Gary Buhler has been a well-known name in the local art scene for three decades, particularly as one of the first participants in the popular monthly Art Walk events. But Buhler's artistic connection to the Newberg area dates all the way back to his childhood.
As a student at Central and later Dundee elementary schools, he recalls being asked to paint murals in the back of those buildings — later on, he would teach the entire George Fox University art department for a year.
The early artistry continued on into high school, and in college he took art classes and later earned a bachelor's degree in art at Western Oregon University. He continued on to earn a master's degree at the University of Arizona.
"I started painting seriously after that," Buhler said, "and teaching when I could."
Now, Buhler paints out of studio space at the Blue Trout Gallery on South College Street, which he occasionally opens as a gallery to show his paintings and their distinctive style.
'Relationship of shapes'
Buhler developed a style he describes as post-impressionist with romantic and expressionist overtones.
"I like to work from nature," he said. "Or from things that have a naturalistic component. I like to use color and shape and texture to contrast, to give my work the expressive component that I'm looking for."
He particularly looks to paint a scene from an unusual point of view, he said, rather than what would be considered a standard picturesque point of view. It's a view that "challenges the viewer a little, but is accessible if they want to enter into it," he explained.
Buhler notes his work examines the relationship of positive and negative shapes, "based on design principles you would observe in nature."
"I describe my work as a celebration of creation in many ways," he explained. "Creation of God and nature, and also the things mankind can create: buildings, social organizations, towns and other structures of commerce and culture."
He paints with oil, watercolor and acrylics, and works on canvases big and small. Each medium, he said, has its own strength, and "it's a challenge to learn to use them all effectively." For instance, acrylics layer faster, but watercolor provides a cleaner, more immediate medium. Oil painting, on the other hand, "is probably the most tedious, in that it takes a long time to dry.
"Sometimes that's a great benefit and sometimes you can be tracking paint around for days," Buhler noted.
Buhler has painted a variety of subjects, including many nature scenes as well as urban images from around Portland. Most recently he worked on a series of watercolors over the summer, painted in the plein air style that has the artist outside, creating the work on-site.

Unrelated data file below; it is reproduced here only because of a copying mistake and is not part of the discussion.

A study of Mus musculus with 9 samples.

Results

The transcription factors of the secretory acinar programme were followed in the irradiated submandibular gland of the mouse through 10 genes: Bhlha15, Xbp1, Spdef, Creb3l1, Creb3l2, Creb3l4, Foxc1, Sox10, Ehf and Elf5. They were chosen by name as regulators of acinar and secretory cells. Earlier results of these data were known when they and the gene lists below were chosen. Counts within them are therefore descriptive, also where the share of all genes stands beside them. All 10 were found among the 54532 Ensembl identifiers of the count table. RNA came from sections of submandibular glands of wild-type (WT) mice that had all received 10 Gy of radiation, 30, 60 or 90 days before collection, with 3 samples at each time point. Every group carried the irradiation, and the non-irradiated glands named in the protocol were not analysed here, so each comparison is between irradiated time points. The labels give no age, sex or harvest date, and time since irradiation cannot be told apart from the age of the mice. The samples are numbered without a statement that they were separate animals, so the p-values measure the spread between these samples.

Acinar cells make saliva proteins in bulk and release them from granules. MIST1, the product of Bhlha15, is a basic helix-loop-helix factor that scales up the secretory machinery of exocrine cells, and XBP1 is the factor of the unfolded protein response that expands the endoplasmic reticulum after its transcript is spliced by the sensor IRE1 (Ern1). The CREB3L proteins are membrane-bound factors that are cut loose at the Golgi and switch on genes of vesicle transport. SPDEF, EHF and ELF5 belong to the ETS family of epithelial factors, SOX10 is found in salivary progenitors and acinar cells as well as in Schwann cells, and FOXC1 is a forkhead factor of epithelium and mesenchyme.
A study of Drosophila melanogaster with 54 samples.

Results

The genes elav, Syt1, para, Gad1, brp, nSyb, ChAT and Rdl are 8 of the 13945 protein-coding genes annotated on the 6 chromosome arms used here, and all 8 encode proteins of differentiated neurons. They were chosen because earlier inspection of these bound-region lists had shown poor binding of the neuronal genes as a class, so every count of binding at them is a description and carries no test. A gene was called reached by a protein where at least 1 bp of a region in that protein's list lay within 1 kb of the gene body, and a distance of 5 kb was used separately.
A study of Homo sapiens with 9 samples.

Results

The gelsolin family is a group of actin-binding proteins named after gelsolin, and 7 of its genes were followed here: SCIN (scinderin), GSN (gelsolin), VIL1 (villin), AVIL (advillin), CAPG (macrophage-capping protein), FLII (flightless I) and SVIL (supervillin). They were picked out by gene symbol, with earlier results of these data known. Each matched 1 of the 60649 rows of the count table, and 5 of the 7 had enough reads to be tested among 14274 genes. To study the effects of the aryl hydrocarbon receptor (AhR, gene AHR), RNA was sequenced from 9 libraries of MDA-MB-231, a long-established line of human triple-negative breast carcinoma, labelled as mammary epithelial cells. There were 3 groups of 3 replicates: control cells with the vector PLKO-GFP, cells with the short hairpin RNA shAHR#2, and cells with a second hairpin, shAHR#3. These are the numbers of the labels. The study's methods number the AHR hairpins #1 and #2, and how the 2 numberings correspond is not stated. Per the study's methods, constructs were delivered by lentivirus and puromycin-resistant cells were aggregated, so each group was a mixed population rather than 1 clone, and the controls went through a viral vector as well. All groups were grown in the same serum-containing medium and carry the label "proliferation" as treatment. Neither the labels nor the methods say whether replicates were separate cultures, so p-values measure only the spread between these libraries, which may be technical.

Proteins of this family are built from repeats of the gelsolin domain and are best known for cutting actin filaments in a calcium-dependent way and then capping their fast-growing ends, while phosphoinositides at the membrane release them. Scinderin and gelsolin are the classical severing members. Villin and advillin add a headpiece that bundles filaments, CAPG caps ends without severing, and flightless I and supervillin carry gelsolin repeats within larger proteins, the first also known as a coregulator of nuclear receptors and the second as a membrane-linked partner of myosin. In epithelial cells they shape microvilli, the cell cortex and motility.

"The difference between the plein air and studio is the spontaneity," he said. "When you're working on location there's a time deadline. You're working with an urgency and a brevity that is necessary to capture a moment or moment of time, a short span of time. That energy, when it works there are unexpected happenings."
Portions of his paintings contain a tight focus, but others are left purposefully more ambiguous, which is aimed at allowing the viewer to fill in the blanks. Buhler said this mimics reality, in which observation has the viewer take images for granted visually without noticing every minute detail in a moment.
"In a painting you can have that same type of experience," Buhler sad. "So it becomes not a snapshot where it records every detail in one moment, but allows the viewing experience to be more like the actual experience of life, where you're passing in time and your brain is filling in. You are contributing to your experience of living, and that type of living experience can take place while viewing a painting."
After earning his master's degree, Buhler returned to Oregon where his family lived, and painted out of his family's home for a time, substitute teaching on the side. Then, he landed a job teaching watercolor painting at the University of Oregon, his first major university job.
Then, he recalled, he began "developing this style I am most known for," which centers on wildlife settings, specifically fish in streams.
He returned to Newberg when a position opened up at GFU teaching art for a year. At that time, in 1989, "I was the whole art department for a year," Buhler laughed.
The department grew when artist Doug Campbell joined. Buhler decided to stay in Newberg, showing his work in a gallery in Portland and another in Sheridan.
Newberg in 1990, he recalls, wasn't quite as exciting as it is today. When the Coffee Cottage opened in the early 1990s, he began visiting it regularly on breaks from working in his studio. Shortly afterward, Buhler was involved in the first Art Walk event in Newberg, alongside proprietors of the Coffee Cottage, the Newberg Gallery (now My Personal Framer) and Cusick Picture Frame.
"Four of us were the initial Art Walk," Buhler said. "Then it started to grow and it's become a big thing."
Buhler purchased the studio space on College Street in 1999, and began fixing it up to become the Blue Trout Gallery, where Buhler paints and displays his work during the Art Walk events. He continues to paint out of the studio and is still evolving the space. In the coming year, for instance, he is planning to use the gallery as an internship space for local arts students.